When one thinks about illegal wildlife trade, pictures of elephant and rhinos poached and hunted for their ivory and horns come to everyone’s minds. However, the impact of wildlife trade is much wider than you have ever expected. From birds, to orchids and rosewoods, everything is stripped away from its natural form to satisfy human wants and needs.
It is estimated that millions of creatures are smuggled out illegally from the oceans every year and distributed worldwide for food, medicine, sources of live entertainment and to be used for curios.
Here are 7 species you didn’t know are endangered due to increasing illegal wildlife trade:
Grey reef sharks and thresher sharks are hunted on a vast scale in the Indian ocean. Their fins are used for soups and other delicacies as demanded by the rich in South-east Asia. These sharks face devastating tortures, they are dumped back into the ocean left to drown after their fins are cut off.
Over a 100 million sharks are killed each year. As a result, global shark populations have declined by an estimated 90% over the last 50 years.
Caviar also known as ‘Edible Gold’ is in high demand in the European countries. The current annual value of illegal exports of caviar is estimated to be US$250-400 million. Demand for ‘wild caviar’ is skyrocketing leading to overexploitation and staggering declines worldwide.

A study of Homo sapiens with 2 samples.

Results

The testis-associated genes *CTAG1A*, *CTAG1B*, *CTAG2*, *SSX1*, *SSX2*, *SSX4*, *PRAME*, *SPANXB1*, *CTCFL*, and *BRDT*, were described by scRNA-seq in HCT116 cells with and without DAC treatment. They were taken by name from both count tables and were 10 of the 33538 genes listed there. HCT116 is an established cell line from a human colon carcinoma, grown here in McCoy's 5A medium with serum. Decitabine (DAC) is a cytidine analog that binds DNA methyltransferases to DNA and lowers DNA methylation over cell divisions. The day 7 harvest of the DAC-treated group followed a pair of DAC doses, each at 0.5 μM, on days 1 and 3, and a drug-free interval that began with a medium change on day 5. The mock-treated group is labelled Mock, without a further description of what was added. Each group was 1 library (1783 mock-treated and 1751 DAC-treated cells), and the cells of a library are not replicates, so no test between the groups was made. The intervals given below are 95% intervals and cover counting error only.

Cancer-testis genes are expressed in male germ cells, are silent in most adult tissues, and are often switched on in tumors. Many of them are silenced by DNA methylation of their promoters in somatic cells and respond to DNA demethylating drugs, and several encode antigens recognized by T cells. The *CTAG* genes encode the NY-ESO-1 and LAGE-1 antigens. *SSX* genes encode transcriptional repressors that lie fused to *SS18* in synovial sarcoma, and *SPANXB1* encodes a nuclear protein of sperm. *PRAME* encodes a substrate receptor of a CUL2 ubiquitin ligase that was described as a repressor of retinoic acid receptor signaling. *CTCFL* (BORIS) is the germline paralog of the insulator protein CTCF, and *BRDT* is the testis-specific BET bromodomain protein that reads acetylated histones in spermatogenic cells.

The popular orange striped fish was loved by adults and children after ‘Finding Nemo’ was released. Demand for this particular type of fish increased rapidly as everyone wanted to keep it in their homes in their ornamental aquariums. As a result the fish is now stunned using cyanide and then scooped up from the ocean. The increased use of cyanide is damaging to the marine environment.
The yellow-naped Amazon parrot is a lesser-known species which plays a vital role as a seed disperser. It also has an astounding vocal talent and is therefore one of the most highly coveted in the Central American pet trade. It is estimated that 200 yellow-named parrot chicks are illegally snatched from their nests every year. Out of which, only half are able to survive the rough transit.
5. European Eels
Trafficking of the European Eel is one of the biggest wildlife crimes in the world. 25% of the total stock of European Eels are illegally smuggled out of Europe causing this species to become ‘critically endangered’.
More than 150 million seahorses are estimated to be caught every year, contributing to 50% declines in seahorse fisheries in the last five years. Perpetually in demand for traditional medicine in East Asia, dried seahorses currently sell for up to US$600 per kilo.
7. Hawksbill Turtle
Hawksbill turtles are one of the most beautiful species in the sea and are essential in helping coral reefs thrive by enabling sponge populations. The Hawskbill turtle shell is used for making jewellery and other products which has caused them to become critically endangered.
Some coastal communities also eat turtle eggs and this is also a direct threat to all sea turtle species. Nesting sites without conservation management are hubs for illegally collected eggs.
Did you know about these 7 types of animals that are threatened due to the extensive illegal wildlife trade? Let us know in the comments below.